Murray High theatre Return returns from Big Apple to perform “Macbeth”
May 09, 2017 02:52PM ● Published by Julie Slama
Murray High theatre students will take the stage in May to perform William Shakespeare’s “Macbeth” as well as direct one-act plays. (Will Saxton/Murray High School)
By Julie Slama | Julie@mycityjournals.com
After returning from New York City where students had a chance to see Broadway shows and learn from professionals, Murray High theatre students return to their own stage to perform William Shakespeare’s “Macbeth.”
The show begins at 7 p.m., Thursday, May 4 through Saturday, May 6 in the school’s Little Theatre, 5440 S. State St. Tickets are $3. A free pre-show, featuring improv comedy, sonnets and selections from Shakespeare’s works will begin at 6 p.m.
Senior Nick Ashton will play Macbeth and junior Meg McKellar will portray Lady Macbeth. The role of Duncan will be performed by senior Randyr Jasra Lords and Malcolm will be played by senior Jordan Evans. Senior Benjamin Stanform is Banquo and senior Truman Schipper is Macduff. The First Witch is junior Catherine Bonham, Second Witch junior Rebecca Smith and Third Witch senior Klarissa Woodmansee.
“This is our 11th year doing an annual Shakespeare piece,” Murray High theatre director Will Saxton said. “We want to challenge students and have them explore as many opportunities as possible. We want our students to graduate with experience in musical, modern, classical, American, technical and Shakespearean theatre.”
The show, however, is set in modern times.
“We never do traditional Shakespeare. We want to challenge the idea of what Macbeth is about and believe he is in insane and placed in an asylum,” Saxton said.
He said that students who are royalty and soldiers appear as patients; servants and messengers are orderlies; and witches and fantasy characters dress as doctors at the SCOT or the Specialized Care Open Treatment asylum. Each ward represents differing parts of the play from the Scottish to the English to the Norwegians.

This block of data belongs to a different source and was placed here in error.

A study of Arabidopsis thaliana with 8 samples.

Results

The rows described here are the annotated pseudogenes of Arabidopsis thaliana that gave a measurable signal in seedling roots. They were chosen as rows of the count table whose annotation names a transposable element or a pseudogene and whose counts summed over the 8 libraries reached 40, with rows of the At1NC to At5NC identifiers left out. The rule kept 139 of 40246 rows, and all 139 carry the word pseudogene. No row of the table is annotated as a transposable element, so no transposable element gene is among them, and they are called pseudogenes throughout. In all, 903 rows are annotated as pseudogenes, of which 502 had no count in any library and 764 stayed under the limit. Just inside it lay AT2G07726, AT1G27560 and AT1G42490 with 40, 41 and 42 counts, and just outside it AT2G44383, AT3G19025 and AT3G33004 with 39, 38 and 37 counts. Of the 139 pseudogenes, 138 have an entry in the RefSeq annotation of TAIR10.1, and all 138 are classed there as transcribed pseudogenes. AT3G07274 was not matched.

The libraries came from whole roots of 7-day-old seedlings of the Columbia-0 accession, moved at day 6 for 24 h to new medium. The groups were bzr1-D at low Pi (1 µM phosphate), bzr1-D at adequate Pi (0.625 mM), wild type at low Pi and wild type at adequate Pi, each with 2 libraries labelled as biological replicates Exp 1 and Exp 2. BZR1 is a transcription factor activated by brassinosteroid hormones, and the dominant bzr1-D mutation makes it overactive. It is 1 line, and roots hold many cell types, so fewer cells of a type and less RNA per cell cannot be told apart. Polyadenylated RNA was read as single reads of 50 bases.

In the play, Scottish General Macbeth learns from a trio of witches that one day he will become king. Inspired by this and spurred to action of his wife, Macbeth murders King Duncan to take the throne. However, he feels guilty and becomes paranoid. To protect himself from suspicion, he commits more murders, which ultimately leads to a civil war and his demise.
“We see Macbeth fantasizing about the dagger and while he does murder Banquo, he sees ghosts so he is hallucinating. Based on the way he acts, he is insane, but it is Lady Macbeth who instigates it all,” Saxton said.
Students auditioned for their parts in December, but it wasn’t until after their New York spring break trip when they began rehearsals.
Saxton believes it’s critical for his theatre students to experience Shakespeare.
“Shakespeare is not meant to be read, but to be spoken and read. He didn’t think of his work as literature, but plays and considered himself to be a playwright. He was always at the theatre when his plays were put on and could revise it at a rehearsal if it didn’t go right.
“We want our students to learn from doing Shakespeare. If we didn’t include it, it would be like teaching math to students, but not having them do calculus because it’s too hard. Our role as teachers is to have students learn more. So, by exposing students to Shakespeare now, they can learn more and gain a better understanding and appreciation of his work,” he said.
Following “Macbeth,” advanced theatre students will direct one-act plays where they will choose the plays, cast, scenery, props and costumes as well as perform in one another’s shows as part of their final class exams.
The shows vary from “weird, hilarious, strangely directed, full-length shows cut to a portion, no-dialogue” plays, Saxton said.
“It’s a chance for our students to make all the decisions and gain that insight as a director. It’s a big task, and I love seeing what everyone comes up with. Some students surprise me with their understanding and so many are capable of doing exceptional jobs,” he said.
Saxton said there will be about 18 one-act plays, so students will present six per night. They will be shown at 7 p.m., Thursday, May 18 through Saturday, May 20 at the Little Theatre. Tickets are $3.